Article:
As I mentioned in my round three report I got paired against Jacob Slepian of Cleveland. This game was very frustrating for me because I won an exchange on the 22nd move, but couldn't find a way to finish the job. Here is that game.
Endgame 101: Put your rook behind your passed pawn!
I'd have time to sleep on that one, but not before another nice dinner. At dinner, I did have to listen to a bit of needling on how I managed to only draw that game. Ahhhh, to be 14 years old with a 2050 rating. Sigh.
Unfortunately blowing the win, left me way down in the standings, so I got paired down again. Being paired down in this tournament was deceptive though. A number of locals were playing in their first tournament. However instead of listing them as unrated they were given an estimated rating. My fourth round opponent was given an estimated rating of 1310. At the time I was not aware of the fact that this was only an estimated rating, and that he was playing in his first tournament. Estimated rating or not, I knew better then to take him lightly. He had already knocked off somebody close to me in rating.
We reached the following position after 31...Bc6.
I was not very happy with my position, and my Bc6 move was just a random move to see what he was going to do next. My bishops were blocked in by pawns, and the knight seemed to have a good square. I had considered trading, but didn't want deal with 32. dxc5 and the protected passed pawn. He played 32. Nxa4. I felt he was helping me out by trading his good knight for my crappy one on the edge. It's true that I have doubled a pawns after 32...bxa4. I didn't see that he'd really be able to take advantage of them since the position was so closed. The funny thing is Fritz had Nxa4 as its first choice. Perhaps there's no good way for White to utilize the c5 square, but I think if I were White I would have tried for play on the kingside with Nh2 and Ng4
The game continued 33. Rc1 Bb7 34. Rxc8 Bxc8 35. Qc2 Bd7 36. Qc5 Kg8. Once again he chooses to trade his outpost piece, and this trade undoubles my a pawns. 37. Qxb6 axb6 38. g4 g5 39. Bd2f6 40. Bc3 Kf7 41. exf6 Bxf6 42. Ne5+ Bxe5 I offered a draw, which he accepted. We're into opposite colored bishops and had been playing for almost four hours. Let's see.... I can have lunch with friends, or spend the next two hours trying to grind out this ending hoping my inexperienced opponent might mess up. Lunch or slightly worse endgame? Nothing much on the line. Lunch wins out.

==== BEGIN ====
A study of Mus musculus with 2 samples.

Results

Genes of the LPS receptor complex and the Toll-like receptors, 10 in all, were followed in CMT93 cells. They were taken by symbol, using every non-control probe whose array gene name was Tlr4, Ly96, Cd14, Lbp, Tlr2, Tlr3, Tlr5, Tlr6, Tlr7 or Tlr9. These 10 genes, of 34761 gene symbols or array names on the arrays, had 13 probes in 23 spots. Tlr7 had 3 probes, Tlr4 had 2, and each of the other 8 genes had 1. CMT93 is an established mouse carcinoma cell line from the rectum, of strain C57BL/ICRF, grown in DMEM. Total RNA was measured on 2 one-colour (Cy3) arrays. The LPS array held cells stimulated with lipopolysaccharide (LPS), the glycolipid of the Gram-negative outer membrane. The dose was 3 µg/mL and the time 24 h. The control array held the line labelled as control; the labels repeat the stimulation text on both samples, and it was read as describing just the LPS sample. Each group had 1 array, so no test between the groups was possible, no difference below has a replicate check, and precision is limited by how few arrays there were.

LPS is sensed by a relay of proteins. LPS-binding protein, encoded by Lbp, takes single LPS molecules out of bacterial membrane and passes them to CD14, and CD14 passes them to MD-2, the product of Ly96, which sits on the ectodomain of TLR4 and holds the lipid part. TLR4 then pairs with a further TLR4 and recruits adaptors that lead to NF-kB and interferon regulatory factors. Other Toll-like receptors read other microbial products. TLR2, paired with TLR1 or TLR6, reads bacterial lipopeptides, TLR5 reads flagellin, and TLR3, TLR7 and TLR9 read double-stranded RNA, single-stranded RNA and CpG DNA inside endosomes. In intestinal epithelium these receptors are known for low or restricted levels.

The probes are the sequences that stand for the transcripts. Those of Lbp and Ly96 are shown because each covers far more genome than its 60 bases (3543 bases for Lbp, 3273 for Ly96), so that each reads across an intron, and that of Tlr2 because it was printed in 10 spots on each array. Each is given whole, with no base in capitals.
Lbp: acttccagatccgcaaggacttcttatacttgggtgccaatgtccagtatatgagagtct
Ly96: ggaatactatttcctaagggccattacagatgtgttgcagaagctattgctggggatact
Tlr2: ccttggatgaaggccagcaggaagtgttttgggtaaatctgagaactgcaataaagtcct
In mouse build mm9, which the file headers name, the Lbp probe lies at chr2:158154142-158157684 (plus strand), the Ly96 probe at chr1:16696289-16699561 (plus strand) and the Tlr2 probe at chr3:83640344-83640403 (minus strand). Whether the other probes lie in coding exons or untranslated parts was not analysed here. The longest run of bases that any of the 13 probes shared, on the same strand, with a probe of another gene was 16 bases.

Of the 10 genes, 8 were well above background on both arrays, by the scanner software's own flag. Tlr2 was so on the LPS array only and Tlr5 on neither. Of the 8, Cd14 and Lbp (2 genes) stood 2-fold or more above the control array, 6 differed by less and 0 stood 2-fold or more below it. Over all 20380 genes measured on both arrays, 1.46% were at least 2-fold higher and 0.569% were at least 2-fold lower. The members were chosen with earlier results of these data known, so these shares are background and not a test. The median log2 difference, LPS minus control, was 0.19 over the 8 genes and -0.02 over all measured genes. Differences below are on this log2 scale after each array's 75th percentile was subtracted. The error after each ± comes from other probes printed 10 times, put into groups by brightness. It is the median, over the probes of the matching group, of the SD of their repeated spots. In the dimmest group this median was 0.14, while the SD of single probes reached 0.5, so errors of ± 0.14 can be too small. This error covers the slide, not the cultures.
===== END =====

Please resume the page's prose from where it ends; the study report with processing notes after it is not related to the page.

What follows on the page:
Round 5, and I get paired down again against another local playing in his first tournament. Having seen how tough all my Bermudian opponents had played so far, I knew I couldn't take this guy lightly either. However that didn't prevent me from playing a series of horrendous moves, and pitching a pawn and the exchange. This was a case of not doing one last check of my move before making it. I hate when I reject a move as no good because it loses material, and then after analyzing a number of different moves, and end out playing the one I rejected earlier.
Fortunately for me, my opponent moved way too fast at one point. That one move gave me back everything, and set me up for a favorable ending. I thought I was going to be the gracious guest who gives her host a very nice gift. Instead my host gave me the gift. The win put me in the 4 way tie for 3rd under 1800.
Even though I was a little disappointed in my overall play, it was a very enjoyable tournament. The organization and hospitality was superb. If one wants to combine chess with some good socializing and an escape from winter this tournament can't be beat.
Even though Bermudian chess players lack the experience and opportunities that we have, they play some tough chess. What I found in my games is they play the openings well, and often play aggressively. Lack of tournament experience hurts. My last round opponent admitted to me that after winning the pawn and exchange, that he got a little overconfident. That probably played a big part in his overly hasty c6 move. Having blown my share of games due to lack of focus in winning positions, I can relate to what my opponent went through. As the old expression goes...."Never count your chickens, before they're hatched."
If all works out right, I plan to be back next year. These days I can't take anything for granted, but that's my plan. I'd like to bring one of those beautiful glass Bermuda longtails home. That would be a nice trophy to add to my collection.